Released at: 17:36, 30/12/2017

EVN responds to tax evasion claims


by Duy Anh

The Ministry of Finance (MoF) is demanding more than VND1.9 trillion ($85 million) in tax arrears from the State-owned Electricity of Vietnam (EVN) after inspectors discovered it had been falsely reporting costs and profits.

The power monopoly failed to declare a profit of more than VND4.8 trillion ($213.7 million) it made on the forex market in 2016, MoF’s inspection found.

It also listed a $60 million pipeline project in its 2015 expenses, despite the fact the Ministry of Industry and Trade (MoIT) had instructed the company to divide the cost over at least two years.

The ministry said the cost allocation has affected power prices, without specifying how.

In its response, EVN said in a statement sent to local media on December 28 that the massive profit it made on the forex market came from a coal-fired thermal power plant that belongs to one of its power generation affiliates.

Funded by the Japan International Cooperation Agency (JICA), management of Nghi Son 1 Thermo Power Plant would only be transferred to Power Generation Corp. 1 (Genco 1) after construction is completed, according to JICA’s request. Accordingly, EVN has continued being the investor of the project since 2013, with approval from MoIT.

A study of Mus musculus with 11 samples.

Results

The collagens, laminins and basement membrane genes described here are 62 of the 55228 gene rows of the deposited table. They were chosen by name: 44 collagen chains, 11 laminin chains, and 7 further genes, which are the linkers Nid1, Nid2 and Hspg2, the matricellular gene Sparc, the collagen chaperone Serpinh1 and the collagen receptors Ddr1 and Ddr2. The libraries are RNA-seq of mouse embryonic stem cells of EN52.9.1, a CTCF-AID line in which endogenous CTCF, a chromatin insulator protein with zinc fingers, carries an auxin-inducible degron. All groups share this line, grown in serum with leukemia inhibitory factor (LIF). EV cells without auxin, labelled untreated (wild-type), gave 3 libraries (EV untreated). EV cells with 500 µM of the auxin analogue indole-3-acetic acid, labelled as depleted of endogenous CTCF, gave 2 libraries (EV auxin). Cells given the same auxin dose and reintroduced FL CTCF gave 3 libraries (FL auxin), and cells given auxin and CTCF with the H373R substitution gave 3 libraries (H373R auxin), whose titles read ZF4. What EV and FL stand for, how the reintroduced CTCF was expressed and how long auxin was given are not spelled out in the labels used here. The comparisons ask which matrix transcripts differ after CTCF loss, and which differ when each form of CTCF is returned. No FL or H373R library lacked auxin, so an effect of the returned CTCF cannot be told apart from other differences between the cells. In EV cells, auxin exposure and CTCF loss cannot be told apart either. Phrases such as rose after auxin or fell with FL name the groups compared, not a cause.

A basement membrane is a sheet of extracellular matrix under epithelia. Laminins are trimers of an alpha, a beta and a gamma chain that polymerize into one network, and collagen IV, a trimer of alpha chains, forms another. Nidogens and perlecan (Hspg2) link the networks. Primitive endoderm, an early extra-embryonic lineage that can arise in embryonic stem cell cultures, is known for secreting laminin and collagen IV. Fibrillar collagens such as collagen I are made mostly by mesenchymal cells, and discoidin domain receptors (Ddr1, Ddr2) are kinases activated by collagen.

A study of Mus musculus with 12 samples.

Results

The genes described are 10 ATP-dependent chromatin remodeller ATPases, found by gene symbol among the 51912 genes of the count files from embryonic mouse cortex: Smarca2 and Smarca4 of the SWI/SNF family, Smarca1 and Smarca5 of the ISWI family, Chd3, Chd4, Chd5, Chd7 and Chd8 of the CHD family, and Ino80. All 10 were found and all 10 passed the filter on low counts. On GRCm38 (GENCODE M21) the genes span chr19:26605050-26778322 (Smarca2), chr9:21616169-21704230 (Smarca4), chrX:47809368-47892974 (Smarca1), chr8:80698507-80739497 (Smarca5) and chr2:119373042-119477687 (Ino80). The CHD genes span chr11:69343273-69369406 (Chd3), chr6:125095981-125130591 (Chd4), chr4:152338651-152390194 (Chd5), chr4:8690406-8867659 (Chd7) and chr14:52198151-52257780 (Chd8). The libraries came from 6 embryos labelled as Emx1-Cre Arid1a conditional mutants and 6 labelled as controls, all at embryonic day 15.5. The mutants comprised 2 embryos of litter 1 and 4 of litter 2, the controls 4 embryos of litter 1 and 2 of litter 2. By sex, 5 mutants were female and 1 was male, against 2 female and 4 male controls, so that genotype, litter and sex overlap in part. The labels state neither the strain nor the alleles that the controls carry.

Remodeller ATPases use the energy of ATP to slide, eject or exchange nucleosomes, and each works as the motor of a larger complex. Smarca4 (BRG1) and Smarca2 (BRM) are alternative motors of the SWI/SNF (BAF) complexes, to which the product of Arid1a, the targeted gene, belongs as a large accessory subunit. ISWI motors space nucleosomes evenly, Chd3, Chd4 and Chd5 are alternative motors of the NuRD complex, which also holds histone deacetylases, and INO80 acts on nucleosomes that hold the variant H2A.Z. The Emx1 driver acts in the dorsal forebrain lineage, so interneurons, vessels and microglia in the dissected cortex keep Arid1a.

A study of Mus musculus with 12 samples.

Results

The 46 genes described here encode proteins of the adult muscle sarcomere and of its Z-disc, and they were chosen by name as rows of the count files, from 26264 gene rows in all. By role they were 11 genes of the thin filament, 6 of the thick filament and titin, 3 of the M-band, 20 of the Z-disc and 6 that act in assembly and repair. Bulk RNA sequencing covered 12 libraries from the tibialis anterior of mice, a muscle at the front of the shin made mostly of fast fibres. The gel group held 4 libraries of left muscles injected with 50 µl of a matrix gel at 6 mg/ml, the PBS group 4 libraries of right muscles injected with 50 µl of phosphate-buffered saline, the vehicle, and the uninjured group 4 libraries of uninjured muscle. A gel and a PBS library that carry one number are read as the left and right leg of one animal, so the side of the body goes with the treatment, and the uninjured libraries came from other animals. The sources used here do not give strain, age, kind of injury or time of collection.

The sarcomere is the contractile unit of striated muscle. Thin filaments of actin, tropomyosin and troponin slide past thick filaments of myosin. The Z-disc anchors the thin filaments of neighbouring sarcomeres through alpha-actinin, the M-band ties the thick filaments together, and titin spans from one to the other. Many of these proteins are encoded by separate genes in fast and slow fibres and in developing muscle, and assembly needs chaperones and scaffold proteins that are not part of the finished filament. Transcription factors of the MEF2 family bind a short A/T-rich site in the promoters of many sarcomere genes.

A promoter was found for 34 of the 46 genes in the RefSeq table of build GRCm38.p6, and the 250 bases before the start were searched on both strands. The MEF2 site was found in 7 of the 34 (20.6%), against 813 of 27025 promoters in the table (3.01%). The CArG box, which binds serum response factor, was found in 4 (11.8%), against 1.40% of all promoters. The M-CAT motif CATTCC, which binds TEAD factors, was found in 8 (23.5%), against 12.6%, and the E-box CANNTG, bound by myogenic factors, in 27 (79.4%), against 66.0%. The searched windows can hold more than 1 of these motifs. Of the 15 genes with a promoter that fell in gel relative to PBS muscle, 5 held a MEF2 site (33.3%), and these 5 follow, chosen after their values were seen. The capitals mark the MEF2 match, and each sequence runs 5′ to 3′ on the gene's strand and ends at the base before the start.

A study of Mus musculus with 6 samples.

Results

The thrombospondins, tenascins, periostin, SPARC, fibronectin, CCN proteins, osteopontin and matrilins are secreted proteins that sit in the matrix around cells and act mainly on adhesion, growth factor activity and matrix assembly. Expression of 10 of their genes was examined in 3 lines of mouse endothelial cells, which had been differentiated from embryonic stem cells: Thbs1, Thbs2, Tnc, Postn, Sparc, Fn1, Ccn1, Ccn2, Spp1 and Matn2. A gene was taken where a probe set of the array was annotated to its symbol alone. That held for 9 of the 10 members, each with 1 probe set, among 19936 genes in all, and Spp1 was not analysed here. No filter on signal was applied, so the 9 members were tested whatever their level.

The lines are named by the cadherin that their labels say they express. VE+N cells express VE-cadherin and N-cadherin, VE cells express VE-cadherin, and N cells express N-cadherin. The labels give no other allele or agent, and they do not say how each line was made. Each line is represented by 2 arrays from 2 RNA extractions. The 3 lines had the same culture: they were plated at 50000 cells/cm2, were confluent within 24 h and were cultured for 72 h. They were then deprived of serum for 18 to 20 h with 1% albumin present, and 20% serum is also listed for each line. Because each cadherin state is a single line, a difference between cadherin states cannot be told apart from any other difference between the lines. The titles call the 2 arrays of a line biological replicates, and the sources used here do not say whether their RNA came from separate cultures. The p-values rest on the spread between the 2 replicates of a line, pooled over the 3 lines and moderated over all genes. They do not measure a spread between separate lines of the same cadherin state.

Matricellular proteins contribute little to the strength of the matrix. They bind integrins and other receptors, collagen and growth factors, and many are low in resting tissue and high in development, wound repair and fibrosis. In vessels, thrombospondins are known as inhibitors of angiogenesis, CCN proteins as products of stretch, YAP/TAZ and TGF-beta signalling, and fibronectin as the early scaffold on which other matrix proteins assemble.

EVN, citing the Prime Minister’s approval of the group’s restructuring plan during 2017-2020, including the transfer of management of Nghi Son 1 to Genco 1, said the project belongs to the power generation company and therefore the massive profit it made on the forex market must be reported by Genco 1.

“Currently, EVN is completing procedures to hand over the management of the plant to Genco 1 on December 31,” according to the statement.

It added that the cost allocation in 2015 instead of 2017 was an effort to save costs to reduce pressure on power retail tariffs, and the group is continuing to communicate with MoF to resolve the issue.

EVN, which also invests in power facilities, finance and labor training, is famously known for claiming losses when asking for permission to raise prices.

On December 1, it raised retail power prices by 6 per cent, a decision that came amid the peak year-end production season and with little advanced notice. It also raised retail prices by 7.5 per cent in March 2015 and wholesale prices by 2-5 per cent in May 2016.

Mr. Nguyen Manh Hung, Deputy Head of Vietnam’s consumer rights group Vinastas, called the latest price hike a “surprise” that consumers were completely unprepared for. “It’s not fair that the supplier gets to dictate the prices and the customer doesn’t get a say,” Mr. Hung said.

EVN is also Vietnam’s largest debtor, owing early VND487 trillion ($21.5 billion) as at the end of 2016, according to a government report issued last October.